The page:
Students share pros, cons of working on, off campus

Austen Brown, Staff Reporter

Working on-campus jobs has both perks and drawbacks when compared to working off campus.

Niarra Mitchell, a senior with a major in emergency management and disaster preparedness, works at the security desk at Booth Library and said that on-campus jobs work with schedules much better than off-campus jobs.

“The scheduling is different,” she said. “Most (off-campus jobs) don’t … work with your schedule. (Off-campus workers are often) scheduled at nighttime. They (also) don’t let you go for spring break and winter break.”

Another possible benefit that comes with having a job on campus is that most are close to the residence halls and students’ classes.

“(My work) is not that far from where I live,” Mitchell said. “I (do not) have to commute … very far.”

She also said that getting co-workers to take her shift is much easier, and her employers understand that she needs time to study and do homework.

Though the Booth Library does not close until 1 a.m. on most nights, Mitchell said she is often allowed to do her homework while she works her job behind the security desk.

“I can do my homework (on the job),” she said. “(At) most jobs on campus, you can actually do your homework at the computer as long as you’re … still paying attention to the people around you.”

On the other hand, she said people who work on campus do not make as much money as off-campus workers do.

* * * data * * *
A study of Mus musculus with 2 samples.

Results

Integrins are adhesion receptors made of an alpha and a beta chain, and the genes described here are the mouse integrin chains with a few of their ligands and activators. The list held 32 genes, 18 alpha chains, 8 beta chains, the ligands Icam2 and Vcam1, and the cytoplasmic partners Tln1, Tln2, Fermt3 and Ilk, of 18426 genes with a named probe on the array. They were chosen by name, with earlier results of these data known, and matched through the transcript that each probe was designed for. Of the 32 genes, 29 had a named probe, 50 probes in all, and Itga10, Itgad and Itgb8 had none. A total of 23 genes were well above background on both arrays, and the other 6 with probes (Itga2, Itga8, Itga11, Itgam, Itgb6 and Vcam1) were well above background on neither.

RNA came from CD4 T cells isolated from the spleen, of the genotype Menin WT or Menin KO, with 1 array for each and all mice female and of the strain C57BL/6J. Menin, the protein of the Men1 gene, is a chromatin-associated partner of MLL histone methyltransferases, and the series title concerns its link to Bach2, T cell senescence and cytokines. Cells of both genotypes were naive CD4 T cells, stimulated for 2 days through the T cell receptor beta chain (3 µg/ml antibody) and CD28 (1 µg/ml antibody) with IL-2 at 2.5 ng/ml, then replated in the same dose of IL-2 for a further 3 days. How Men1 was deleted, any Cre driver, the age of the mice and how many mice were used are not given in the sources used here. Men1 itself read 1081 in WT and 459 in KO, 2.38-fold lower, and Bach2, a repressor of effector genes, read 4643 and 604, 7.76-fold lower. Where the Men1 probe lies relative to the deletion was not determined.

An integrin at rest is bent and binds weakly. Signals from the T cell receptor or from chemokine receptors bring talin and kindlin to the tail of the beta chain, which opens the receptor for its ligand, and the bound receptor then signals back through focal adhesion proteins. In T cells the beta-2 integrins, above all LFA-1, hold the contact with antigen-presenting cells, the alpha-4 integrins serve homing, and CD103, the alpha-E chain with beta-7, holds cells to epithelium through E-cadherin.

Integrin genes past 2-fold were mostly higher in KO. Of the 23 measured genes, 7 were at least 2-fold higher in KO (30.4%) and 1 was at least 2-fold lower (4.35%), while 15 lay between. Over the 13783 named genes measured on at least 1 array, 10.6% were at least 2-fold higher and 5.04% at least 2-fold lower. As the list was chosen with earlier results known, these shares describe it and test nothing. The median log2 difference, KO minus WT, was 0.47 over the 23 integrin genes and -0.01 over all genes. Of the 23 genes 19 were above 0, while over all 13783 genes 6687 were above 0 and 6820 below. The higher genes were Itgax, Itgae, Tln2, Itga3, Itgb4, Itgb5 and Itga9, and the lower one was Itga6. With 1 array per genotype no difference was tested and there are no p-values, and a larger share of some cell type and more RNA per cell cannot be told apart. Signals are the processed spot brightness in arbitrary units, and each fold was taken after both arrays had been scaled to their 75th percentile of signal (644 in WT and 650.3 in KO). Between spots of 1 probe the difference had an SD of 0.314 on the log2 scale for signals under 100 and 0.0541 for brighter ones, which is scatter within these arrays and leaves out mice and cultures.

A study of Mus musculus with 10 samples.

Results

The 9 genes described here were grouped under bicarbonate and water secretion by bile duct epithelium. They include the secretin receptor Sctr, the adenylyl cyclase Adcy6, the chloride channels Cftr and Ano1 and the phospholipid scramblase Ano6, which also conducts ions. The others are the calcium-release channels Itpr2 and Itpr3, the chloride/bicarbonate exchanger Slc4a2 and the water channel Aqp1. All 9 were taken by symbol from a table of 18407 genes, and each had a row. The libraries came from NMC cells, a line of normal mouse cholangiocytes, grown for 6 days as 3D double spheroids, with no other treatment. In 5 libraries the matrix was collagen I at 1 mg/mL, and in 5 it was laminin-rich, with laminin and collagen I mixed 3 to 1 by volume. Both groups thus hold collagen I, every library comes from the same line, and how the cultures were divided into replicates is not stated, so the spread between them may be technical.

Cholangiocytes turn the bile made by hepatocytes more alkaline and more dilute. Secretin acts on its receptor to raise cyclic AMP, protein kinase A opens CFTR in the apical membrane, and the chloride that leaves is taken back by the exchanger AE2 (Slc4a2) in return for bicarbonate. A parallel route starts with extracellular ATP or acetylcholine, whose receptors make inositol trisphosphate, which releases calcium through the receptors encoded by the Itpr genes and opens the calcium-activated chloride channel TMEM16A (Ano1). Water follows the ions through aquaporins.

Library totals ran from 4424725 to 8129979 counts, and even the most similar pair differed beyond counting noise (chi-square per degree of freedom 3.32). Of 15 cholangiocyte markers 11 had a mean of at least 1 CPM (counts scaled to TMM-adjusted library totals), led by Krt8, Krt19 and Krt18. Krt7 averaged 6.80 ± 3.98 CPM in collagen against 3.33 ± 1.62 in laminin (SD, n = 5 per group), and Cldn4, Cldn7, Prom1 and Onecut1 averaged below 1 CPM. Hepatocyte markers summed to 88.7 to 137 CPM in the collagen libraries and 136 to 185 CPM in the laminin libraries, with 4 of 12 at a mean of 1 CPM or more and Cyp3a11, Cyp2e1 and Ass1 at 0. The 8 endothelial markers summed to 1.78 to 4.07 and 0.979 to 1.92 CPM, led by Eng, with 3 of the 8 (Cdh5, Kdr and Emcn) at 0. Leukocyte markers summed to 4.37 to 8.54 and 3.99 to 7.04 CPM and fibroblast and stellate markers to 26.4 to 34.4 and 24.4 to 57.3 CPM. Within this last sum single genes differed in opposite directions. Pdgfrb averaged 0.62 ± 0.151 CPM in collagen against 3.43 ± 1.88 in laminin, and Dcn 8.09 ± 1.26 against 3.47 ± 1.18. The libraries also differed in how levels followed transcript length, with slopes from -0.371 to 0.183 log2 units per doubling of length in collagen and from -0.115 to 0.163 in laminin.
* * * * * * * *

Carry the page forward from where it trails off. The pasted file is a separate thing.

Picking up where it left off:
“(Student workers) don’t get paid as much as the people who work off-campus do,” Mitchell said.

This was something that Deb Kistner, a senior kinesiology and sports studies major, and Sarah Bryden, a senior with a double major in finance and health administration, said they agreed with as well.

“(Eastern) only pay minimum wage,” said Bryden, who works at the Martin Luther King Jr. University Union Bookstore. “There’s no opportunity for (student workers) to … get a raise, (even) if you work (the same job) all four years.”

Kistner, who also works at the bookstore, said its workers do not get tips, whereas a similar job off campus might offer them.

Not understating the benefits, however, Bryden said her job allows her to interact with her peers.

“You get to become friends with people (that) you normally wouldn’t have opportunities to,” she said.

They also had thoughts similar to Mitchell’s about their employers’ understanding that classes come before anything else.

“(On-campus employers) are used to working with students, so they understand their need for studying,” Bryden said.

“Sometimes (our employers) will let us leave early if they know that we have a test,” Kistner said. “They know that school comes first.”

Bryden and Kistner said getting to work is easy as well, given that their job is on campus.

“When you have class, it’s easier to get to and from (work),” Kistner said.

They said that one other perk to working on campus is that the bookstore closes at 5 p.m. on weekdays, which means they are not scheduled to work nights.

Austen Brown can be reached at 581-2812 or [email protected].